In November 2003, the Committee on the Status of Endangered Wildlife in Canada (COSEWIC) downgraded the ranking of the white sturgeon from a species of special concern to endangered. On August 24, 2006, the white sturgeon populations of the Nechako, Upper Fraser, Kootenay and Columbia were officially designated as endangered under the Federal Species at Risk Act. A survivor from before the time of the dinosaurs and a species relatively unchanged for 175 million years, this fish has, in the last 50 years, come to the brink of extinction.
The reasons for this dramatic decline are currently being studied. Contributing factors may include over-fishing prior to the 1994 ban on angling, incidental catches and poaching since then, pollution and changes to the river landscape by human construction. Changes to the level and times of water flows in the Nechako River, resulting from the construction of the Kenney Dam, may also have had a substantial effect on the sturgeon.
There are many flow-related factors that are thought to have impacted the successful survival and growth of young white sturgeon. The factors listed below may contribute to unsuccessful spawning conditions and/or juveniles failing to reach maturity. Each of these factors relates in some way or other to another factor, and therefore cannot be considered independently of each other. In addition, more research is needed to determine the role each factor plays, and how it affects the success of the white sturgeon.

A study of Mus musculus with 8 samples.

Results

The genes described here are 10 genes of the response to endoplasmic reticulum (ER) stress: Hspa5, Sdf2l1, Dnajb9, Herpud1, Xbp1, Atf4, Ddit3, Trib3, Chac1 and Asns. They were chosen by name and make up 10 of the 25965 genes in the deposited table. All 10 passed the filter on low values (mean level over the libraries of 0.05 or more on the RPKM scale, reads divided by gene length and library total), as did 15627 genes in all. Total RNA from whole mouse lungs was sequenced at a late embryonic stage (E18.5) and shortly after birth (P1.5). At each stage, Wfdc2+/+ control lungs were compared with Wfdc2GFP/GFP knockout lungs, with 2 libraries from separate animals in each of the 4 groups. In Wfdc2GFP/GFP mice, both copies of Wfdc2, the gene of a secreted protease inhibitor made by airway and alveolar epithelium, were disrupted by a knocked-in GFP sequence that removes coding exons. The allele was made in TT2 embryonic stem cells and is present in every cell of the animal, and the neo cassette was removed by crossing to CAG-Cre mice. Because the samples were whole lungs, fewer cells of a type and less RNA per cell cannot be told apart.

Water Flow: The Nechako River was dammed for power generation in 1952 and there have been dramatic changes in the amount of water and the timing of flows in the river ever since. It is believed white sturgeon require specific conditions for spawning, and flow-related issues such as water temperature and sediment may be important factors in the frequency and success of spawning.
Temperature: The amount of water in the river affects the temperature of the water. We need to better understand how changes in temperature affect white sturgeon spawning success, development of their eggs and their early life stages, as well as juvenile survival and growth.
Predators: It is possible that changes to the river, including sediment load and water clarity, have increased the numbers of predators that feed on white sturgeon eggs and other vulnerable life stages.
Food Resources: Another factor may be that there is less of the food preferred by juvenile sturgeon available today then there was historically. Changes to water flow and temperature, reduction in abundance of salmon, as well as shoreline development may have affected the food resources available to young white sturgeon.
Turbidity and Sedimentation: Muddy or cloudy water with high levels of sediment is the preferred habitat for white sturgeon. Less water in the river means less sediment mixing in the water, which increases the water clarity. This directly relates to the success of predators who rely on sight to find white sturgeon eggs, larvae, fry and juveniles.
Channel Structure: Changes in the amount of water and the speed at which it travels have redistributed bottom sediments in the river. Research is needed to see how such changes have restructured the flood plain habitat required for white sturgeon spawning locations and juvenile rearing habitats.
Rooted Aquatic Plants: Reductions in the speed of the river’s current, along with municipal nutrient loads have greatly increased the numbers of rooted aquatic plants in the Nechako River, especially between Vanderhoof and the confluence of the Stuart River. This increase in plant life can suppress oxygen levels, change water chemistry, and increase sedimentation, all factors that can influence white sturgeon spawning and survival rates.
For more information about the factors affecting the Nechako white sturgeon and the plan for their recovery, please see the Recovery Plan for Nechako White Sturgeon.